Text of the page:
Morning Coffee Science

Mind-controlled prosthetics that can sense touch

Limb loss is a widespread and costly health issue. In the United States alone, there are nearly 2 million people living with limb loss. Each year that is more than 1 million annual limb amputations globally - one limb amputation every 30 seconds. Most people think that the most common cause of limb amputations are severe injuries incurred in accidents on the road or in the workplace. However, the most common reason for amputation is the peripheral arterial disease which means that blood and nutrients can not reach the limb because of damaged or narrowed arteries (atherosclerosis).

While prevention and education about the dangers of peripheral arterial disease should be more widespread, a post-factum solution to limb loss is also important.

The current alternatives for amputees are subpar. Hand prostheses after transhumeral (upper arm bone) amputations are usually attached to the humerus with a socket that compresses the amputee's stump and is controlled by the biceps and triceps muscles. The crucial thing here is that these prostheses do not have somatosensory feedback - amputees do not feel what their artificial hand is feeling. Patients have to rely on visual or auditory cues of the movement of the prosthesis in order to gauge what kind of muscle contractions result in what movement. Current prostheses are unintuitive and hard to learn to use for the patient. In addition to that, activities that require delicate touch by a hand become nearly impossible to learn (e.g. picking up an egg).

A study published in the New England Journal of Medicine reports three Swedish patients who have lived with e-OPRA, a new, "feeling", neuromuscular interface, for 3 to 7 years without medical supervision. The technology that underpins e-OPRA is called osseointegration (osseo = bone). The latter technology has been discovered in Sweden in the 50s and has been applied to dental implants in the 60s.

Now, scientists have created new generation prostheses that would directly connect the implant system of the prosthesis to the skeleton of the stump of the amputated limb. This process is what is called osseointegration. More seamless control of the artificial arm is ensured because electrical muscle and nerve signals are captured by electrodes on the muscle of the amputation stump. These signals are passed down to the implant through the skin that connects to the prosthesis. The signals are then decoded by sophisticated artificial intelligence algorithms which result in a controlled signal for the prosthetic hand's movement.

But how does the patient feel the touch of his artificial limb? Here is how it works. The force sensors located in the thumb of the prosthesis measure contact and pressure applied to an object while grasping. This information then is turned into an electric potential and sent to the nerves in the amputated stump that used to be connected to the biological hand before the amputation. The nerves then lead to "touch" centers in the brain and it can then perceive the extent of pressure and force applied by the hand.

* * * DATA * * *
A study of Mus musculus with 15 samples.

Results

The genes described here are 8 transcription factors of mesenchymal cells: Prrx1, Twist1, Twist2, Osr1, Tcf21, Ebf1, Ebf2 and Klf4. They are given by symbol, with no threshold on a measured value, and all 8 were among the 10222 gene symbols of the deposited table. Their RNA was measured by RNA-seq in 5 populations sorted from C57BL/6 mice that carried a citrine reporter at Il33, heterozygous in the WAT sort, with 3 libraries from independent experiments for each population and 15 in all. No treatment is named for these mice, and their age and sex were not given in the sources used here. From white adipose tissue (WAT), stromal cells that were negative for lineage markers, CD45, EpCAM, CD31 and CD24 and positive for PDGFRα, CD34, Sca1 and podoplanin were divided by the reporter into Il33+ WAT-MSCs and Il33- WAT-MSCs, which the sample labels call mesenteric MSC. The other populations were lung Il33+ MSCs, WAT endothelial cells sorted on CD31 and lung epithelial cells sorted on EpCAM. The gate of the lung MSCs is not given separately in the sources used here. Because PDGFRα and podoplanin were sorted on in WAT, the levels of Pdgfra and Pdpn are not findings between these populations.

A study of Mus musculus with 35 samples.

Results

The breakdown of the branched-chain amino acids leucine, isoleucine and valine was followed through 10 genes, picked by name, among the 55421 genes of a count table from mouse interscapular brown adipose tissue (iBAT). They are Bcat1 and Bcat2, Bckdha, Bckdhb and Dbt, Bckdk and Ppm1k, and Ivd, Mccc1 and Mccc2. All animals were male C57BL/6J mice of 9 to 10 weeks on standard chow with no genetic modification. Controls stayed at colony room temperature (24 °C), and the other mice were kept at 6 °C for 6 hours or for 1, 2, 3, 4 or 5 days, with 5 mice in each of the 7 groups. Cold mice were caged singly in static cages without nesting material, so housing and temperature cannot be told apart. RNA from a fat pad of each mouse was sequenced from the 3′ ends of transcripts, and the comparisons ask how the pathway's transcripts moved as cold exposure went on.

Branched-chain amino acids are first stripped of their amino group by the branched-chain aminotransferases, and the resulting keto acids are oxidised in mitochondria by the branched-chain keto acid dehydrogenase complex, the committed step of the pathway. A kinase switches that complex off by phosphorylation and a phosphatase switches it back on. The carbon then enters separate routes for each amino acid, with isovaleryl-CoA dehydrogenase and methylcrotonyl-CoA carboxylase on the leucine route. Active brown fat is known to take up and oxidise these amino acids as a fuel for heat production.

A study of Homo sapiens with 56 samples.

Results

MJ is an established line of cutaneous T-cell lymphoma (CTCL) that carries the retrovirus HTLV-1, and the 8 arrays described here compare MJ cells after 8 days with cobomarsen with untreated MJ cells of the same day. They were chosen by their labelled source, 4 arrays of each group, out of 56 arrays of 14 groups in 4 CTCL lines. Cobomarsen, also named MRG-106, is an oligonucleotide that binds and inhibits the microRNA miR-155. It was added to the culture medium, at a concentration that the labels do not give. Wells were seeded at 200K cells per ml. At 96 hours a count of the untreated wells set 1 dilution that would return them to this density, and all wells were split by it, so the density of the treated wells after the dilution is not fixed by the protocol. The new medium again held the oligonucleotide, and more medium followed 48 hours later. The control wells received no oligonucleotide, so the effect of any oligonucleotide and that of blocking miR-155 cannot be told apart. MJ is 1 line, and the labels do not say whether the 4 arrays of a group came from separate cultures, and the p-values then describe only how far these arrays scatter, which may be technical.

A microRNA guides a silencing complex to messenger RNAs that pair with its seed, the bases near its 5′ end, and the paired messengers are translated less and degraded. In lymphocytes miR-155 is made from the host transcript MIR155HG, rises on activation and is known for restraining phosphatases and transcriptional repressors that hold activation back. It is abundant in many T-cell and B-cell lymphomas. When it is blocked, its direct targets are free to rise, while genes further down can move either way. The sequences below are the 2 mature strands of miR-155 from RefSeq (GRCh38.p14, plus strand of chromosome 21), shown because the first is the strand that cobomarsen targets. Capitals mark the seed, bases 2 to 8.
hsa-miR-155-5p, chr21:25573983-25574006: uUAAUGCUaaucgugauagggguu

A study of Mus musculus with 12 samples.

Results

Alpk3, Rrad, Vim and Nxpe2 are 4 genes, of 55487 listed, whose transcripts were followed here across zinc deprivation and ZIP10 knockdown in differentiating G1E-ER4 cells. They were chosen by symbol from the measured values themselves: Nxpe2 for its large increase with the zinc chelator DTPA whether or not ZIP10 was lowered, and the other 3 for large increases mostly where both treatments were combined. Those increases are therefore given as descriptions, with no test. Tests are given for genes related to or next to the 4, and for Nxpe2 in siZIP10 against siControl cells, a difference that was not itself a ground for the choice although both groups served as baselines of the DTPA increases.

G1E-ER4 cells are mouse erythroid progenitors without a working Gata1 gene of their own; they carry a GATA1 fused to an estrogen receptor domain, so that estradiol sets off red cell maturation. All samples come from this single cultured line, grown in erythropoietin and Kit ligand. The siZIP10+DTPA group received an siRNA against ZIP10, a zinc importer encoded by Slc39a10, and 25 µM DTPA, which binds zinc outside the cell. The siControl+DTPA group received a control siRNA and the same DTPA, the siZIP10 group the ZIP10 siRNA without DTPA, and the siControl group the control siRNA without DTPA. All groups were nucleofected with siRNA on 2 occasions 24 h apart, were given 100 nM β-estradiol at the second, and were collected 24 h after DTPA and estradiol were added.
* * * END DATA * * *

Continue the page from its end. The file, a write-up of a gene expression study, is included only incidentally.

It is interesting how scientists had to develop this technology. They firstly had to "calibrate" the A.I. algorithm so that the electric activity in the amputated stump could be decoded to the desired movement by the prosthesis. The first steps where understanding simple commands like what neural signals lead to the opening and closing of the artificial limb palm. Then came more complex commands: turning the wrist, moving individual fingers, exerting a specific amount of pressure on an object to hold it. All of these are classification problems that require a lot of trial runs by scientists.

A similar calibration protocol had to be followed for the "perceiving" part of the prosthesis. The scientists had to classify what is the perceived "big" pressure/force for the patient and adjust the algorithms that would decipher the force recorded by the thumb of the prosthesis to electrical signals sent to the brain.

This is not the first time that an artificial limb that can feel touch is created. The novelty of this report is that patients have been using these interfaces in their daily for 3 to 7 years. The three patients reported noted that their daily lives have been overwhelmingly positively influenced. 2 of them said that they think that there is almost no difference between a real and an artificial limb. Moreover, the unsupervised use of this interface shows that it is safe and stable to use in the long term. Patients have been using them in their everyday activities and the prostheses were effective not only in restricted and controlled lab environments.

Dr Max Ortiz Catalan, one of the leaders of this project, says this about the future of the technology: "We expect this system to become available outside Sweden within a couple of years, and we are also making considerable progress with a similar technology for leg prostheses, which we plan to implant in a first patient later this year.”

Article was prepared by Matas Vitkauskas on behalf of INA

Watch a video by the Charlmers University of Technology on osseointegration.